We’ve been hearing a lot of bleak news regarding the global economic crisis. Perhaps this recent update  from the World Bank is the bleakest yet. According to the report, the crisis will cause child mortality rates to soar in developing countries; in fact, it predicts that between 2009 to 2015, an average 200,000 to 400,000 more babies may die per year—a total of 1.4 to 2.8 million—if the crisis persists.
It’s hard to find anything optimistic to say; one can only hope that developed countries will respond and contribute to the Vulnerability Fund  that World Bank President Zoellick is calling for, and help prevent the financial crisis from becoming a human one.
Both infant and maternal mortality are largely preventable, if the right measures are in place. UNICEF’s State of the World’s Children Report  focuses on maternal and newborn health this year, and states that good reproductive health services, skilled health workers assisting at birth, adequate nutrition, and educating mothers about healthy practices can all make a huge difference.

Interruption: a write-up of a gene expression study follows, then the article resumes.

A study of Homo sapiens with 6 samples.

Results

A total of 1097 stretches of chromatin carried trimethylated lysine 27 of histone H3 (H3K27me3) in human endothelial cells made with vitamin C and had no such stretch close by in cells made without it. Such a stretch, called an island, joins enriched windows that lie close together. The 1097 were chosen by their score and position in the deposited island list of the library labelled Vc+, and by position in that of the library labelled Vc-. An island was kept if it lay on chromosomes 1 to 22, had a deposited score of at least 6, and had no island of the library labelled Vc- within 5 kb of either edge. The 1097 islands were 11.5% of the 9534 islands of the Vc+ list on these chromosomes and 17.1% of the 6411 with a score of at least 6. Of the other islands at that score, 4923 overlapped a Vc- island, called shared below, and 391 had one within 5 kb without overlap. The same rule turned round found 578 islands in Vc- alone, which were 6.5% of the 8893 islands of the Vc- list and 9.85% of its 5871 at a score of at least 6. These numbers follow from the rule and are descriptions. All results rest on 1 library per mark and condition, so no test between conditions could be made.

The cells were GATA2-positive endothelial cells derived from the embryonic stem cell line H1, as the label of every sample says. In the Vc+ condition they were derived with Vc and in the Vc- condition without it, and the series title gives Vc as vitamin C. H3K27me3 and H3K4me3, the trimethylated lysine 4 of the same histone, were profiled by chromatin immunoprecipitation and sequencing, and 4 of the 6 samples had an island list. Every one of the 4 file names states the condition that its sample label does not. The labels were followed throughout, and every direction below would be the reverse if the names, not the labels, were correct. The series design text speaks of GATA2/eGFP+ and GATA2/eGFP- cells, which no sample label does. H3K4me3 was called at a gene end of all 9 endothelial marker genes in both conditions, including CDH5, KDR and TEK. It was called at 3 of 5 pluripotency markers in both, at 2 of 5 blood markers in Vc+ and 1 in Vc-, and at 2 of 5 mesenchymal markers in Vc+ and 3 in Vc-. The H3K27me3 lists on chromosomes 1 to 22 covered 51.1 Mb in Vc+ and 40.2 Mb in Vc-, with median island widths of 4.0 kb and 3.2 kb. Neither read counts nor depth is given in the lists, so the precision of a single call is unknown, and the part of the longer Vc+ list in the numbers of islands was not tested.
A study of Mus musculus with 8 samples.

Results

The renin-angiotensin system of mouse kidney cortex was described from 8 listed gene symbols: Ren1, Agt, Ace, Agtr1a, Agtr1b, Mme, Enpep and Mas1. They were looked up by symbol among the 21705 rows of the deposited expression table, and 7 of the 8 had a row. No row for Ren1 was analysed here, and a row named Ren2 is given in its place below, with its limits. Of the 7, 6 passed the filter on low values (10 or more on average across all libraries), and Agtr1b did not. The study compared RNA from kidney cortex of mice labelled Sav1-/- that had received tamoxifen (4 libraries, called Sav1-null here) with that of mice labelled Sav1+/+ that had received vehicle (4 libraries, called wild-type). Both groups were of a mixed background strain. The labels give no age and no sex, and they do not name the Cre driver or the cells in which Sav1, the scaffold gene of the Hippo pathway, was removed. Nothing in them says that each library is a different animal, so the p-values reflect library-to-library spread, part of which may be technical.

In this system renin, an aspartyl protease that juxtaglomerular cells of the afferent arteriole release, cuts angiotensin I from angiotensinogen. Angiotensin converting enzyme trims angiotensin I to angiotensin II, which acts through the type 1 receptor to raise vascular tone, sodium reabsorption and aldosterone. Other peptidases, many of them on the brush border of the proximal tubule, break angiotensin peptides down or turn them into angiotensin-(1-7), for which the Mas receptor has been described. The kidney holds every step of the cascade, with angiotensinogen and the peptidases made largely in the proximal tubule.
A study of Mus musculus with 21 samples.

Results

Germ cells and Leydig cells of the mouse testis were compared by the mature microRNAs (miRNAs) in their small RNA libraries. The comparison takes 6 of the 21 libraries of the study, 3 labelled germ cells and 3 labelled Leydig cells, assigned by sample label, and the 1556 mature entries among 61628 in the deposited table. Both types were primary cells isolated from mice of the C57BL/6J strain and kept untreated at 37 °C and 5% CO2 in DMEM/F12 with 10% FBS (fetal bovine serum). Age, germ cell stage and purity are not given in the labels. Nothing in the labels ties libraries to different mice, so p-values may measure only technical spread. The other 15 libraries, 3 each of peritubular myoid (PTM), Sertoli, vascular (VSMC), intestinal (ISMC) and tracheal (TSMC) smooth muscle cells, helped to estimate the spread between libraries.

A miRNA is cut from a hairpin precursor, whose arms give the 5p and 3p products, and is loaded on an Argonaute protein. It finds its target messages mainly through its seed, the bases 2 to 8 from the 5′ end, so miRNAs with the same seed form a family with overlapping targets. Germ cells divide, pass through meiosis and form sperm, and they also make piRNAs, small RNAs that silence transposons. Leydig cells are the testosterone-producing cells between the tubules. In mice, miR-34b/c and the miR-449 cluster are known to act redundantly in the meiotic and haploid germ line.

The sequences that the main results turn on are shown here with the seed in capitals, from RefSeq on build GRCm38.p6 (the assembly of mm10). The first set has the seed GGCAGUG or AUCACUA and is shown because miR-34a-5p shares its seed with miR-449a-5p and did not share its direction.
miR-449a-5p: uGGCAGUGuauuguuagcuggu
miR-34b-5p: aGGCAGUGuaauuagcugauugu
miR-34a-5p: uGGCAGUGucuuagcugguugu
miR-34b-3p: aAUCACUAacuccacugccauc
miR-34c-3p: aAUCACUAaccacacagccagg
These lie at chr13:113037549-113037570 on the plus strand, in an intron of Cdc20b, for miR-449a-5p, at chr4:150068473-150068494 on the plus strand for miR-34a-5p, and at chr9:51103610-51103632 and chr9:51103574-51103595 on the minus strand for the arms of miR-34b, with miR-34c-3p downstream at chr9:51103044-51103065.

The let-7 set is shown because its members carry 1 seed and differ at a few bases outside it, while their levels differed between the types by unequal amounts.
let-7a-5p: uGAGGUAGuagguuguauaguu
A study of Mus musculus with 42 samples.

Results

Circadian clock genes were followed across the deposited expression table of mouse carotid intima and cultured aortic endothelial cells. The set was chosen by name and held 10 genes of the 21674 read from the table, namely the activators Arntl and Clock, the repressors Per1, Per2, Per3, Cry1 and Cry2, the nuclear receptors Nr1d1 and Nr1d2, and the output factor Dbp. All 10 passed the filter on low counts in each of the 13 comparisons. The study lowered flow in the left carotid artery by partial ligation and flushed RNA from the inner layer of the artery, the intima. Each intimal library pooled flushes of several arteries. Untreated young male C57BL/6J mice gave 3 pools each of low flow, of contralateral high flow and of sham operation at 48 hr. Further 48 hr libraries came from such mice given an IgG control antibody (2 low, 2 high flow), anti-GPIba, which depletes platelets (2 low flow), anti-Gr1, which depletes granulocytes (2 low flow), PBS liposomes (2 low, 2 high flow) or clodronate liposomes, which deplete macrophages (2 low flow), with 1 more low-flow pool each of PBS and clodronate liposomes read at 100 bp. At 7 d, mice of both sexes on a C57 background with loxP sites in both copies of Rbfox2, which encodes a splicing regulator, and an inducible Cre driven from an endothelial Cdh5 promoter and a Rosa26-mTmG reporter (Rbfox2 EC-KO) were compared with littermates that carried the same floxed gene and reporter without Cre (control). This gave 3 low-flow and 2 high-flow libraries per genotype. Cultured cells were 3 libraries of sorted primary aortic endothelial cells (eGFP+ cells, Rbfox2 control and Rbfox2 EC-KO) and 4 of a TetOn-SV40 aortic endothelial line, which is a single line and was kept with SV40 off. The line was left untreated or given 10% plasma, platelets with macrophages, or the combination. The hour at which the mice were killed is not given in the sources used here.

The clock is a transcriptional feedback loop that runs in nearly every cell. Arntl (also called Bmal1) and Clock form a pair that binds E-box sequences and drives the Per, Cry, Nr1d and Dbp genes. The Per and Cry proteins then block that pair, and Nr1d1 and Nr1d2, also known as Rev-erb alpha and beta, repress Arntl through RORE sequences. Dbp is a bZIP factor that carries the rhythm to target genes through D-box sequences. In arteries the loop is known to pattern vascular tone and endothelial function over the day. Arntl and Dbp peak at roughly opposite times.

According to the report, “around 80% of maternal deaths could be prevented if women had access to essential maternity and basic health-care services.” And infections, which cause 36% of newborn deaths, could be reduced with better screening and immunization, and hygienic delivery practices.
Empowering girls and women can have a huge impact too. Educated adolescents are more likely to wait until after their teens to start families, and this delay is often critical: complications from pregnancy and childbirth are a major cause of mortality for girls aged 15-19 worldwide, accounting for 70,000 deaths annually.
This video from UNICEF portrays the report’s main findings regarding maternal and newborn health.